What Happens to a Car When Jumping It and You Touch the Cables Together and Cause a Spark?by John Cagney Nash
Most people’s first thought when discovering their car’s battery is discharged is to get a jump start from another vehicle. This practice is so common that familiarity can breed contempt but -- unfortunately -- the process involves some potential dangers, especially from sparking. When using jumper cables, always follow the instructions from the manufacturers of the car, the battery and the cables.
Deliberately Causing Sparks
Some people are in the habit of tapping the free ends of jumper cables together when the other ends are connected to a battery; this can be extremely hazardous. Volts can be compared to the pressure in a water hose, and amps to the volume of water. The 12 volts carried by a car battery are unlikely to cause injury, but the amperage can be extremely dangerous. A fully charged battery can discharge hundreds of amps through a spark, producing a current similar to that of a welding arc; like a massive amount of water that is not under great pressure, this can still kill.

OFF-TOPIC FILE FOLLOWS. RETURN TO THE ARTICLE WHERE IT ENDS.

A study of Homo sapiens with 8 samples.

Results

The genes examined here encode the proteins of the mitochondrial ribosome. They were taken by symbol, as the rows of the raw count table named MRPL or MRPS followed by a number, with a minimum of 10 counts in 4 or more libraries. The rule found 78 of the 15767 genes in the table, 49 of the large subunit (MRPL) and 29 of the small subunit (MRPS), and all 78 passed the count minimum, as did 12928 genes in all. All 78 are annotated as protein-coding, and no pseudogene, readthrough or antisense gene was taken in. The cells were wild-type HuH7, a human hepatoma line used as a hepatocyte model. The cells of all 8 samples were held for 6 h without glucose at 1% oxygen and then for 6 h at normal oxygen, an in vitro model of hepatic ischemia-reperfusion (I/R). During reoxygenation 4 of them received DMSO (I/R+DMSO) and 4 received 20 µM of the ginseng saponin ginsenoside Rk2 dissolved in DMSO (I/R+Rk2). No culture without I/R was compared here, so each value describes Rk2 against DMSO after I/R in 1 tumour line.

Jumper cables are universally color-coded red for positive and black for negative. Reversing these polarities will almost certainly result in a massive spark that can cause severe burn injuries. The complex electronic systems of modern vehicles can also be destroyed by reversed polarity. When jumping a car, always double-check that the red cable is connected at both ends to the larger terminals marked with “+” signs, and the black cable is connected at both ends to the terminals marked with “-” signs. Always connect both ends of the red cable first; this prevents accidental sparking to the body of either car as the second cable is connected.
Dangers of Creating a Spark
When batteries charge, they give off hydrogen gas, and a discharged battery connected to another vehicle via jumper cables is charging. Hydrogen is extremely explosive when mixed with combustion air, and this dangerous mix typically occurs close to the charging battery. Causing a battery to explode with a spark from jumper cables can create flying shards of plastic that can easily blind anyone standing nearby. Aside from the obvious dangers of being near an explosion, remember the electrolyte in lead-acid batteries contains sulfuric acid, which aggressively attacks human tissue. When a battery explodes, it can shower nearby people with acid.
Some hybrid vehicles carry a voltage much higher than anything delivered by regular utility mains. The Toyota Prius and the Ford Escape both have battery packs that can yield in excess of 300 volts. Making a circuit through the human body with 300 volts is likely to be lethal. Making any connection to the battery pack must only be done while wearing heavy-duty insulated gloves and in strict accordance with the vehicle manufacturer’s instructions.